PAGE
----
Tuesday, March 3, 2015

A large corporate campus in Baltimore city?

Are the below quotes from Google, Apple or Facebook? Or maybe Nike?

'Why not make it great?'  "The one thing I'll tell you is I just want to do great things. I just want to be involved in projects that are great and build things that have people go 'wow.' One of my passions in life is I love blowing people's minds." 
"We tell stories for a living — we tell great stories and we build products to support those stories,"  "When [visitors] come here, I want them to have a proper hotel to stay at. When they come and visit, I want them to see a proper campus. I want them to see unique things we have like the distillery."
"It will be one of the most incredible places to work, to live and to play,"  "It would feel like an old port city, and the ability for us to go from the ground up to do that will be just incredible. So whether it's things like having the distillery that gives it a little bit of charm — it should be charming."
He acknowledged the land encompasses more than the 128 acres 
"I never want to be beholden to a vote of some board or politics or anyone else."We have the means and we don't have to ask anybody permission," [we] need more space and we tried building here and got voted down. People basically said we don't think you should keep growing here. And we said, 'Why are we allowing you to say that.'"
This is the Baltimore attitude, people! No longer a city that begs and follows the maxime that anything is better than nothing. No longer the wallflower crying about its lost blue collar headline industries like General Motors and Bethlehem Steel.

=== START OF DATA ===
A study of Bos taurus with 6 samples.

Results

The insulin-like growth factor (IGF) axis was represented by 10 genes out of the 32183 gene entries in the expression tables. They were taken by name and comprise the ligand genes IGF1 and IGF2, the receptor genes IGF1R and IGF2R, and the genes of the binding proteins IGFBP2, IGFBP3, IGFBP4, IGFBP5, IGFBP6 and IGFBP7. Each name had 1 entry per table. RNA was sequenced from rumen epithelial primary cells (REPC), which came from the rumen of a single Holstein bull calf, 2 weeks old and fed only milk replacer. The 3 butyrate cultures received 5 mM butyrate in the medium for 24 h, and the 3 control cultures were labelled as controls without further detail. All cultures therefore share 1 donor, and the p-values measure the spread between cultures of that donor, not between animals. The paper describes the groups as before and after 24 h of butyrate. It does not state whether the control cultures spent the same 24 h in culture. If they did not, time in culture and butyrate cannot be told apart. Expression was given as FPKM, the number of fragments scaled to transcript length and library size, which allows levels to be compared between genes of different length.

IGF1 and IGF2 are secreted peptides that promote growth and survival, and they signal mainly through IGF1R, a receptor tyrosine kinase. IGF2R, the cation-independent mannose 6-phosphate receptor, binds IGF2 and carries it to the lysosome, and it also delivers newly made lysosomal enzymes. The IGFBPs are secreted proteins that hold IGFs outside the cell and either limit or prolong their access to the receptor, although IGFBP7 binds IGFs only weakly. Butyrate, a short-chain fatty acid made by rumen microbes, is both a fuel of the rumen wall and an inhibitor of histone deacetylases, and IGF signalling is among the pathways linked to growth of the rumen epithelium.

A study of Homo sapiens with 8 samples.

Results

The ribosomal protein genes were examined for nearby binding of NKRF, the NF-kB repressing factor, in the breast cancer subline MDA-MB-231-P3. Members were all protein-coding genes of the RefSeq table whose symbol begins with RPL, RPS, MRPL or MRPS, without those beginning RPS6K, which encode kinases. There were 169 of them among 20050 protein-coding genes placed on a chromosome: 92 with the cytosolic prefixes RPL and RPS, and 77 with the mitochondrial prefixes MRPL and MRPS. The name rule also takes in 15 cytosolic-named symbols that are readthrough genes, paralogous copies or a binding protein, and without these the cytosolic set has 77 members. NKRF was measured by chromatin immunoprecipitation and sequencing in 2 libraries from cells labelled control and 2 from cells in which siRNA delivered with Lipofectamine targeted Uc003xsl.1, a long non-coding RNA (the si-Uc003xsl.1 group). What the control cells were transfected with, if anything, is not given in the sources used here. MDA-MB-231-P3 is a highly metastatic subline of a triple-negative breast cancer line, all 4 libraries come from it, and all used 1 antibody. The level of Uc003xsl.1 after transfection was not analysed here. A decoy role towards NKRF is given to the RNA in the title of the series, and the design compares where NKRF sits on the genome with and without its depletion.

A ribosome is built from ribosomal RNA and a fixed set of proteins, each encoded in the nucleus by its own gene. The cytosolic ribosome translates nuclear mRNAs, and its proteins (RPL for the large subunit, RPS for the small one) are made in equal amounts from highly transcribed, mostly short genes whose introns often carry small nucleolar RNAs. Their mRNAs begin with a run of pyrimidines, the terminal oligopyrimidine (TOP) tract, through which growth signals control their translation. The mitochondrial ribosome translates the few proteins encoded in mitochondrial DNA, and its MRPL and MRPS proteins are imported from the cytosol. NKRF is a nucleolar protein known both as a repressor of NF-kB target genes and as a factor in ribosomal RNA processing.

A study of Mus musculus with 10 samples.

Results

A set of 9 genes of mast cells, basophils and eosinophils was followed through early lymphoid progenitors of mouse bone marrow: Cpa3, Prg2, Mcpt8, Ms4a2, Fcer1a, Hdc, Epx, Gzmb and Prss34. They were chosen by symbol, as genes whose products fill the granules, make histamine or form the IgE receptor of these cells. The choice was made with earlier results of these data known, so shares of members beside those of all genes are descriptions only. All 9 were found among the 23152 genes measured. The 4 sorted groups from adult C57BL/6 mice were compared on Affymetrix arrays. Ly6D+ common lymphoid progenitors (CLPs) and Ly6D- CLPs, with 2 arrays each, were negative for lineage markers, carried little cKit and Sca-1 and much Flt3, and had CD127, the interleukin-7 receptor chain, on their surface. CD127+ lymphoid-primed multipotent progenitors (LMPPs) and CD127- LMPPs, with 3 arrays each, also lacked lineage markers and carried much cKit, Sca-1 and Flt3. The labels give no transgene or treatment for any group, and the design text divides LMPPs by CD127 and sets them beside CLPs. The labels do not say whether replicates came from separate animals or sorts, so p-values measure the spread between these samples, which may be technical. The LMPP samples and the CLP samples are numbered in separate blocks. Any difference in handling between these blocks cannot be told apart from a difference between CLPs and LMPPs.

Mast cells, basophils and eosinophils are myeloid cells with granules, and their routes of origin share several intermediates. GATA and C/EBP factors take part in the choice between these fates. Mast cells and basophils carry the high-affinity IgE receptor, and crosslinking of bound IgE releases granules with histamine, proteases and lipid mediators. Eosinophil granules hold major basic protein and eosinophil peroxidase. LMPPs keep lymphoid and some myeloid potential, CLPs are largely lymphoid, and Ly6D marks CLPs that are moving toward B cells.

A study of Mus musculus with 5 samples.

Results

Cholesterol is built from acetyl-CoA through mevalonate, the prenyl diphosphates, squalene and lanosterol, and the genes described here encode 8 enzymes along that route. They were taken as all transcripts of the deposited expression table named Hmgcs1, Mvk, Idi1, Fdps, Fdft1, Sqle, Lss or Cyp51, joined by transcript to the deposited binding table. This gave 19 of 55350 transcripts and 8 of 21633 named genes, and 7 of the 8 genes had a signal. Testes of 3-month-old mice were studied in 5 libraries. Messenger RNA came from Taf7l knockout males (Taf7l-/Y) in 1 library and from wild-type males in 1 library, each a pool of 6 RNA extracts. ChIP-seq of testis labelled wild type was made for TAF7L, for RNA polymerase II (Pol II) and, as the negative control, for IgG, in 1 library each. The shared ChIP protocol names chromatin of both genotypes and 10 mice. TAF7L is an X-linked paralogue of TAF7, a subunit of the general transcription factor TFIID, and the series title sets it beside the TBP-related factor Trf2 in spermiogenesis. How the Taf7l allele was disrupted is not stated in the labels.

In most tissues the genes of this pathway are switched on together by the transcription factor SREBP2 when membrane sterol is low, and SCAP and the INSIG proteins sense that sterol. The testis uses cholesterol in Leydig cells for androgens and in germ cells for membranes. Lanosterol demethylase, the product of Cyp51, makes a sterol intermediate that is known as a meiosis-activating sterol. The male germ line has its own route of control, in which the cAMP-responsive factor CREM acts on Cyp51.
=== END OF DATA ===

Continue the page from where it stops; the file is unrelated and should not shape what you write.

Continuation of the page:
The one who spoke these words is not the CEO of a big tech company but of a start up sports apparel company that many had never heard of a few years back: Under Armour, now a three billion dollar a year trendsetter in the market. The CEO's name: Kevin Plank. His new development ambition: Sagamore LLC
Some of Kevin Plank's words seem a bit arrogant and too full of hubris, that happens sometimes to successful CEOs. But for Baltimore, a city full of underdogs and self doubt his attitude is a powerful antidote. Why do with less if better will yield better results in the long run? Plank has shown that he can achieve goals. If he can get the Baltimore's administration, citizens and fellow developers to think and act a bit more like him, take a risk and set the eyes high, that would, indeed, be good. 
Let alone the corporate campus along the derelict Baltimore waterfront at which a Walmart and a Sam Club (!!) were the previous attempts of reinventing an abandoned industrial brownfield right at the water. What a boon it could be!
Let's just hope Plank isn't flying too close to the sun, like Icarus in Greek mythology.
Kudos to Kevin Litten, tireless writer at the Baltimore Business Journal to get these fabulous quotes by sitting down and talk with Plank. Priceless!
One of the many previous dreams for Port Covington, Baltimore. Plank doesn't have a masterplan yet.